Hawaii Volcano Kilauea: Why High Levels of Sulfur Dioxide Are Dangerous
This dangerous gas is nothing to be sniffed at.
Hawaii’s Kilauea Volcano has had a busy 12 days. Since it started erupting on May 3, it’s opened up 17 fissures, shot giant rocks into the air, literally screamed, and released copious amounts of toxic sulfur dioxide gas out of its many gaping cracks. It’s spewed so much of the gas into the air that on Monday, County of Hawaii officials released a Condition Red warning to people in the vicinity of the volcano, warning them to get out — and fast. These toxic farts are nothing to be sniffed at, and not only because they smell like rotten eggs.
The warning minced no words in its description of the effects of sulfur dioxide inhalation: “Severe conditions may exist such as choking and inability to breathe.” According to the United States Geological Survey, it can do this because it naturally “irritates skin and the tissues and mucous membranes of the eyes, nose, and throat.” A single exposure to high concentrations of the gas can cause asthma and can even cause pulmonary edema, the accumulation of fluid in the lungs.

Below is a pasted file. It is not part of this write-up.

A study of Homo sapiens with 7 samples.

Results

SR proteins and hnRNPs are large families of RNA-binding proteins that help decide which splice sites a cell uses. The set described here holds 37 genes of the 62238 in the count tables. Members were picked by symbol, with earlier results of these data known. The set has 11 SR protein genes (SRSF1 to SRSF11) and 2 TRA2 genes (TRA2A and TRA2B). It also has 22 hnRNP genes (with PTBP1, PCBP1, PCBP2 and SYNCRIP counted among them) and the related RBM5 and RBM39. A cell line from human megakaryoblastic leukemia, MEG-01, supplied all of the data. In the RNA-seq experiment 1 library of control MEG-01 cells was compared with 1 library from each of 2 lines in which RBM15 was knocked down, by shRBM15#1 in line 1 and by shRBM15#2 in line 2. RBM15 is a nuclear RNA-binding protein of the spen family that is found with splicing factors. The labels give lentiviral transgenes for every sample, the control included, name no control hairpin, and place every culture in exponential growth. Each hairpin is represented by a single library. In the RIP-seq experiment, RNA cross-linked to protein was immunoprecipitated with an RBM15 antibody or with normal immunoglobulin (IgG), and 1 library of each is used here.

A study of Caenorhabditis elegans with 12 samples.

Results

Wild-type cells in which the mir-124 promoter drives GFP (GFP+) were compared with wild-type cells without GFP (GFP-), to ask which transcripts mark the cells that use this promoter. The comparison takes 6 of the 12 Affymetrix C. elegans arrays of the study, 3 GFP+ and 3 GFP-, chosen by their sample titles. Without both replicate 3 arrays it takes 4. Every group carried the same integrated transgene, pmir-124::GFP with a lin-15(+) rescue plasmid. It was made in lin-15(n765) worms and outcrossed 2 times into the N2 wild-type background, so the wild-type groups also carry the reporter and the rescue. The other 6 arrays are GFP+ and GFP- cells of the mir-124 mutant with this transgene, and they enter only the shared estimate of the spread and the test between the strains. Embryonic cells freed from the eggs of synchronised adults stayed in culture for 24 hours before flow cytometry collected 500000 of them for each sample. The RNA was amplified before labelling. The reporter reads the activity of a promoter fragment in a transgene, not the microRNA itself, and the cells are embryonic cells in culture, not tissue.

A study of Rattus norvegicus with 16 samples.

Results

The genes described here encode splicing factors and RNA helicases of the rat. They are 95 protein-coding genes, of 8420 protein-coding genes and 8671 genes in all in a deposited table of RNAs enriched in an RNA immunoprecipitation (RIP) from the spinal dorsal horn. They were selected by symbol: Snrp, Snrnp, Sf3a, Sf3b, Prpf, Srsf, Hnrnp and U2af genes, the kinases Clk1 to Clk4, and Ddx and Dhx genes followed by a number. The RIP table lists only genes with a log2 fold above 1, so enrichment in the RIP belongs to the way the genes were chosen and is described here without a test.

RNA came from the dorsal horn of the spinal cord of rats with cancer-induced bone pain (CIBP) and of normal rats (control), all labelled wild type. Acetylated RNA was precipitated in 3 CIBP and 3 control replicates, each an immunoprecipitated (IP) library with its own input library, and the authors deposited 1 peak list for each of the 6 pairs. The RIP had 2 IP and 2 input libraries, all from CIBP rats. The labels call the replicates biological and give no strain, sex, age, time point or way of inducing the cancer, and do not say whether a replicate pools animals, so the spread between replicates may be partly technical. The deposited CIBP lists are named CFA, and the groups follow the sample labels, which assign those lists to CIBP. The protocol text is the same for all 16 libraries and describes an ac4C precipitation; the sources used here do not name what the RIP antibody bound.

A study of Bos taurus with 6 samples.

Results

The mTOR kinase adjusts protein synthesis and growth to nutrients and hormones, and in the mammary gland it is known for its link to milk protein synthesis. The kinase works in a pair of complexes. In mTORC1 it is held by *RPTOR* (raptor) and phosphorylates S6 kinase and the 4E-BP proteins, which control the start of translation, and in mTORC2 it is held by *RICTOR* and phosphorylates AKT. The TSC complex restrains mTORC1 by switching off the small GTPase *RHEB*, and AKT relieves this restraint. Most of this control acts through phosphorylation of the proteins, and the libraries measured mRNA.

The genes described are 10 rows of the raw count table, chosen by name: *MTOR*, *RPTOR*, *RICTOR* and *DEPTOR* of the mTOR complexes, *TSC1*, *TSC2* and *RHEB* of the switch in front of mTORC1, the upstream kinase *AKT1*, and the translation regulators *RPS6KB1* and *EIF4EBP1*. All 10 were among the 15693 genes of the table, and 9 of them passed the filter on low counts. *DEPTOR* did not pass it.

Like human gas, sulfur dioxide is produced in the bowels of a volcano as a byproduct of magma creation. Because the pressure is so high underground, the gas stays dissolved in the liquid magma, much like the carbonation in your seltzer stays dissolved until you lower the pressure by opening the bottle. In a volcano, pressure is released as magma pushes through fissures and holes, causing the sulfur dioxide inside it to exsolve — form bubbles — and escape into the atmosphere.
Under the right conditions, having enough sulfur dioxide is in the atmosphere can lead to the formation of “vog” — that’s volcanic fog — and, if it rains, acid rain. Combining with oxygen, water, and nitrogen dioxides, which are released when fossil fuels are burned, sulfur dioxide from the volcano reacts to form sulfuric acid and nitric acid. Droplets of these chemicals falling from the sky is generally not great for humans, vegetation, and life in general.
Because it isn’t clear how long Kilauea will continue erupting, there’s also no telling how much gas will eventually be released into the air. At the time of publishing, fortunately, the government-run Hawai’i Short Term SO2 Advisory website, which tracks sulfur dioxide levels from Kilauea in real time, shows that all the data collection sites have “good” air quality.